Officer sexually assaulted 15-year-old girl he kidnapped on duty in Colorado, feds say

A Colorado police officer sexually assaulted a teenage girl while on duty, according to federal prosecutors, who’ve announced he’s charged with depriving her of her civil rights.

The charge stems from Aug. 4, when former Loveland Police Department officer Dylan Miller’s “conduct included aggravated sexual abuse and kidnapping,” an indictment unsealed on March 22 says.

If he’s convicted, Miller, 28, could be sentenced up to life in federal prison, the Justice Department said in a March 25 news release.

McClatchy News contacted Miller’s defense attorneys, Paul H. Sukenik and Reid J. Elkus, for comment on March 25 and didn’t receive an immediate response.

In October, the 15-year-old and her family reported a Loveland police officer sexually assaulted her at a local park over the summer, according to a Nov. 6 statement from Loveland Police Chief Tim Doran.

“She could distinctly remember his face, but never knew his name,” Doran said.

The Loveland Police Department had the Larimer County Sheriff’s Office take over the investigation to “avoid any conflict of interest,” according to the sheriff’s office.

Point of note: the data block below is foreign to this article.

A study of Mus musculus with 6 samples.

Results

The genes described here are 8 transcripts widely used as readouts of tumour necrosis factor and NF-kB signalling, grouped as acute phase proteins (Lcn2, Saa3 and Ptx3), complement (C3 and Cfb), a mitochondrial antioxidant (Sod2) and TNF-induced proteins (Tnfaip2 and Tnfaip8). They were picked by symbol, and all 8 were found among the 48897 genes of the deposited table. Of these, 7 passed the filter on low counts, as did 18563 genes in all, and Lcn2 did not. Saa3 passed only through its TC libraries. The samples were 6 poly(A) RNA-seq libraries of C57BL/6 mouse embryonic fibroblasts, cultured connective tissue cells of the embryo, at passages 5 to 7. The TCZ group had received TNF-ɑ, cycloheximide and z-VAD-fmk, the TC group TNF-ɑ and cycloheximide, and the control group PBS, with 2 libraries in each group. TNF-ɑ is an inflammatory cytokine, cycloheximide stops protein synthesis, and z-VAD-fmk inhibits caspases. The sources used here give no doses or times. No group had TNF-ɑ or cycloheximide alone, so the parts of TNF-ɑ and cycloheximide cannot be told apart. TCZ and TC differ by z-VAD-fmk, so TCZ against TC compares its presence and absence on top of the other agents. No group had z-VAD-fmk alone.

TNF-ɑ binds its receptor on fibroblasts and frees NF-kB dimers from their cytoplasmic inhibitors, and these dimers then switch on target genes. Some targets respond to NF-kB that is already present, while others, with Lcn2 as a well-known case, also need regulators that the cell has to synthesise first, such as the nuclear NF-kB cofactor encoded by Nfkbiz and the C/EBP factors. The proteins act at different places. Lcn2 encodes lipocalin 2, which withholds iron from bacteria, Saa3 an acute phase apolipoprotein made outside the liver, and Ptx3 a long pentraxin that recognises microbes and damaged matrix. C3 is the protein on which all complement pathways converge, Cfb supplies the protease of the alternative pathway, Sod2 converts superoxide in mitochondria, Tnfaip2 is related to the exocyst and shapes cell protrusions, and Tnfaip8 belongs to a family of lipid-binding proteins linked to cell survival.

Miller first encountered the teen and other people in late July during a traffic stop, the sheriff’s office said in a Nov. 6 news release announcing the officer’s arrest on state charges.

A few days later, he found her and another individual at a local park “after hours,” according to the sheriff’s office, and “told the other person to leave.”

Miller is accused of forcing the girl to a nearby “secluded area,” where the sexual assault occurred, the sheriff’s office said.

Following the teen’s report, he was arrested Nov. 6 on charges of first-degree kidnapping, sex assault on a child by a person in a position of trust, unlawful sexual conduct by a peace officer, sex assault, official oppression and first-degree official misconduct, according to the sheriff’s office.

“I spent years investigating crimes against children. These are difficult cases for everyone, most of all for victims and their families,” Sheriff John Feyen said in a statement.

When Miller arrived to work on Oct. 27, he was put on administrative leave, according to Doran.

He was fired the day of his arrest after he worked for the department since 2022, Doran said.

Miller is due in state court for a disposition on April 15, according to the Larimer County District Attorney.

He will appear in federal court for an arraignment, discovery conference and detention hearing on March 27, court records show.

Loveland is about a 50-mile drive north of Denver.